A rude person is someone ...

Une personne impolie est quelqu'un ...

talking to phone with loud voice in the public area.

who considers their own desires to always be more important than others' needs or desires.

who disrespects others' rights.

who does not think about how others might feel before doing something.

who doesnt think/care about others or how their own actions/speech will impact others.

who has little regard for others.

who ignores feelings and opinions of others, who is thinking only of himself, who would not aim for compromise

who interrupts people; who cuts in line; who talks loudly in a quiet place.

who is disrespectful of other people's opinions or time.

who is inconsiderate of others.

who is not courteous.

who lies or who is not dependable.

who openly disrespects others' privacy and right to freedom (usually in mundane situations).

who won't apologize for their actions when it is warranted.

with no self-control.

grossière, mal élevée, égoiste

ne pense qu'à elle

ne respecte pas les autre

ne respecte pas les autres

ne respecte pas les autres, parle mal

qui crache, qui ne dit pas de formules de politesse, qui n'est pas ponctuelle.

qui est impertinent, déplacé, égocentrique.

qui ne dit pas merci,
qui ne dit pas s'il te plait,
qui est désinvolte

qui ne respecte pas les autres,

qui ne respecte pas les autres, qui ne dit pas "bonjour", au revoir" "merci"..., qui est sans gêne.

qui ne respecte pas les autres.

qui ne respecte rien ni personne.


Je remarque que nous parlons des "gros mots", du language grossier, etc... alors que les américains parlent plus du manque de respect; est-ce que cela veut dire qu'en France, on accorde plus d'importance à la forme qu'au fond?

The phrases were very similar between the French and Americans. We both mentioned politeness, respect and selfishness. As with the "I can't stand it when people" topic, the Americans used a few more examples that were specific, rather than being general. It seems like rudeness is viewed very similarly in both countries.

There was one phrase I didn't quite understand. What was ment by "sans gêne"?

It seems as if the French people attribute politeness more to language and polite phrases while the American people attribute politeness more to specific actions. Would you consider it to be more rude to speak disrespectfully than to, for example, talk loudly on your phone in a public area?


Also, what about table manners? Do you guys consider it rude for someone to chew their food with their mouths open or to put their elbows on the table while eating? For example, I have been to places where it doesnt seem to be impolite to talk with one's mouth full, which I was always taught to consider to be very rude, what do you think?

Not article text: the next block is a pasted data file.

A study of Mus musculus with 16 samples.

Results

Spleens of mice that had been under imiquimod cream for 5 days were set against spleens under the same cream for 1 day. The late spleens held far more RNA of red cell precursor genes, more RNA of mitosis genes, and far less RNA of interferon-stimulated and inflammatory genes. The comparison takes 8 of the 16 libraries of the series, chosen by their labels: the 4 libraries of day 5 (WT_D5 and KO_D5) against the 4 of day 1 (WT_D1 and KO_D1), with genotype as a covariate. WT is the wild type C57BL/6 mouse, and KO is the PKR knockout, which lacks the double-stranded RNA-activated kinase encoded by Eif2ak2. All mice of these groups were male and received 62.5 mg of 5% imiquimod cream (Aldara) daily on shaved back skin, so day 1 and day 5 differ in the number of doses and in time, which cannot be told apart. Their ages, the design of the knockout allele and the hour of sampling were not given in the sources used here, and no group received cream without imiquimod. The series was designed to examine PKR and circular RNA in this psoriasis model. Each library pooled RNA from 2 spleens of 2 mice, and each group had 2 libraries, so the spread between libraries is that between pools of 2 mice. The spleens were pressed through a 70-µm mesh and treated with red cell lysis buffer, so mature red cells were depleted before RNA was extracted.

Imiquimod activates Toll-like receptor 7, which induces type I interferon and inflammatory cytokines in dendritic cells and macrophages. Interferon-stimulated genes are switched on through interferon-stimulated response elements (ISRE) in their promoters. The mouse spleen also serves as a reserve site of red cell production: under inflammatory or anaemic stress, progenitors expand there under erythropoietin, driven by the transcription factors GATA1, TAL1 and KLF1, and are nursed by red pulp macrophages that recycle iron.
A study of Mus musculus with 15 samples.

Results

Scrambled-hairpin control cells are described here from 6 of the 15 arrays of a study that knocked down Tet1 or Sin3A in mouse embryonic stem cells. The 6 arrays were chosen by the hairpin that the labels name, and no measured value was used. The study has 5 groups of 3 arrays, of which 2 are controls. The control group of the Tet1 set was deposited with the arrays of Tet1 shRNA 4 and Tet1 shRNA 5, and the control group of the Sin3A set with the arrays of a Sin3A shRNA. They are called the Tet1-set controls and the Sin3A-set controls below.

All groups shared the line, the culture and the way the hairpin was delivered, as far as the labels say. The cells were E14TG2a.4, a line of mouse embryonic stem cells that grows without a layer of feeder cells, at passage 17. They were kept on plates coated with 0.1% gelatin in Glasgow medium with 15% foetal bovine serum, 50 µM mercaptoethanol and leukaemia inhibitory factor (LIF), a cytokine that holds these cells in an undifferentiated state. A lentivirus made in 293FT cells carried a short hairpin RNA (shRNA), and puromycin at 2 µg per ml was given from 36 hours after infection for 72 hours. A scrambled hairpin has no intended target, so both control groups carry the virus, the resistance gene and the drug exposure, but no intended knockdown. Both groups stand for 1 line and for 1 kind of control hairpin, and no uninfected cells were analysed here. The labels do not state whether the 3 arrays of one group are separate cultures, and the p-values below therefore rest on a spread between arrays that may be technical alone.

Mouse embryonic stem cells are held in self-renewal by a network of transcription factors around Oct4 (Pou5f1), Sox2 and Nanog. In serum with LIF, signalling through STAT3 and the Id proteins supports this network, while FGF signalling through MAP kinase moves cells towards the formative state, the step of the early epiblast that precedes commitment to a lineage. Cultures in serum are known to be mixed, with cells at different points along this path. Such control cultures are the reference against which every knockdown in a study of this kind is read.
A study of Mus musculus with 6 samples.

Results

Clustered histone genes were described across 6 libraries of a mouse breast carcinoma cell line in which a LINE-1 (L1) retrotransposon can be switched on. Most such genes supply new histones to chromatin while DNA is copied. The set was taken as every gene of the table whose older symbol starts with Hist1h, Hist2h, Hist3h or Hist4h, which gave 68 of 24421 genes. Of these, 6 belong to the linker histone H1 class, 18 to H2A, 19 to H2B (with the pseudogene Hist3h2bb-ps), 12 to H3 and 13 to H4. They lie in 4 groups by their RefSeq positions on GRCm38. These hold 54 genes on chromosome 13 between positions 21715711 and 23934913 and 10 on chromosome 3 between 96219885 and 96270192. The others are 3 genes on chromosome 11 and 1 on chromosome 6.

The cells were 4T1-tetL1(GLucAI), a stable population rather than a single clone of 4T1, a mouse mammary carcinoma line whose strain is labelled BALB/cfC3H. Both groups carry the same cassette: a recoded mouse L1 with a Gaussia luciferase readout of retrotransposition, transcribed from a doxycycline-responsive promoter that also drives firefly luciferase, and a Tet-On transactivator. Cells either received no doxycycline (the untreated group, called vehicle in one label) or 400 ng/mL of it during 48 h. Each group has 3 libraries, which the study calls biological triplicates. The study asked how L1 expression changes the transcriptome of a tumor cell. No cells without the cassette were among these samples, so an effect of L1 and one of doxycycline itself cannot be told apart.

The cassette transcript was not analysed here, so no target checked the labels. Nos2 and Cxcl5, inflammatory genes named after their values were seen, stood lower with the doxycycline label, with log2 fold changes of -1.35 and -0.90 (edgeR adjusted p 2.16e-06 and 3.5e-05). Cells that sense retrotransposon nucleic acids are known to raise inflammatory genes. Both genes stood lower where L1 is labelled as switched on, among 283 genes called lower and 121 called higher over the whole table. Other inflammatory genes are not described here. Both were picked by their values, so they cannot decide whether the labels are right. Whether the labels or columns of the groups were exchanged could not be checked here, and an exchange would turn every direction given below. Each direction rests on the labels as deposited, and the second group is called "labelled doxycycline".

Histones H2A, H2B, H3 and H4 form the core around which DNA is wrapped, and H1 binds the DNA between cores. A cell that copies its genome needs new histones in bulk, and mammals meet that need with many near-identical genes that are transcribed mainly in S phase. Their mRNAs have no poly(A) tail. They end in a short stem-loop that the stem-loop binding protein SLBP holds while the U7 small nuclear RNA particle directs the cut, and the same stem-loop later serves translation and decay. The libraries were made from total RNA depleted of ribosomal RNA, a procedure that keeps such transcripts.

I thought that the most interesting contrast between the two sides, in this section, was the French side's focus on using polite language. It's certainly considered rude in the US to not say please or thank you, but there are many other things that are considered to be more rude than that. 

Could you talk more about how rude it is, relatively speaking, to not say please or thank you, compared to other rude thigs? 

But in general, yes, there were many similarities between the two sides, with the most common example being "respect." I think it's a pretty common thing across most cultures that the essence of ruseness is disrespect. Can anyone think of any counter-examples? 



oui, pour moi, c'est bien plus grave d'employer des gros mots que de parler fort au téléphone; quand on parle mal, on ne respecte pas la personne à qui on s'adresse.


Pour ce qui est de parler la bouche pleine, ici aussi c'est mal poli; par contre, j'ai remarqué que beaucoup d'Américains parlaient en mâchant du chewing gum: est-ce poli ou impoli pour vous? Ici, si on fait cela pendnant les cours, on se fait reprendre .



It is not uncommon for students to chew gum during class, and i dont think this is considered to be very rude unless the person is chewing very loudly. This goes for talking as well, as long as the person is discreet it's ok. Chewing gum being rude is really a question of the person's judgement, it's not considered rude in all situations but it is seen as unprofessional. 

Leslie, la politesse passe d'abord par le langage pour moi: dire bonjour, au revoir, être poli; mais cela ne suffit pas: c'est aussi tenir la porte à celui qui vous suit, s'excuser quand on bouscule quelqu'un, etc....La politesse est très basée sur des codes de vie en société: en fait, on peut être très poli mais ne pas se soucier des autres pour autant!

Il y a une différence entre la politesse et la galanterie; la galanterie, c'est dans la relation homme/femme seulement.



pour le chewing gum, c'est considéré comme impoli en France de parler avec un chewing gum dans la bouche, même si beaucoup le font! J'ai déjà vu des enfants punis en classe, au collège, parce qu'ils en machaient

Avoir un comportement correct avec les autres personnes, à la fois respectueux et honnête, est important en France comme dans beaucoup de pays. Mais, en France, on n'aime pas beaucoup les gens hypocrites (on est hypocite quand on cache ses vrais sentiments), alors on accepte plus facilement quand une autre personne est moins polie. On apprécie donc la franchise.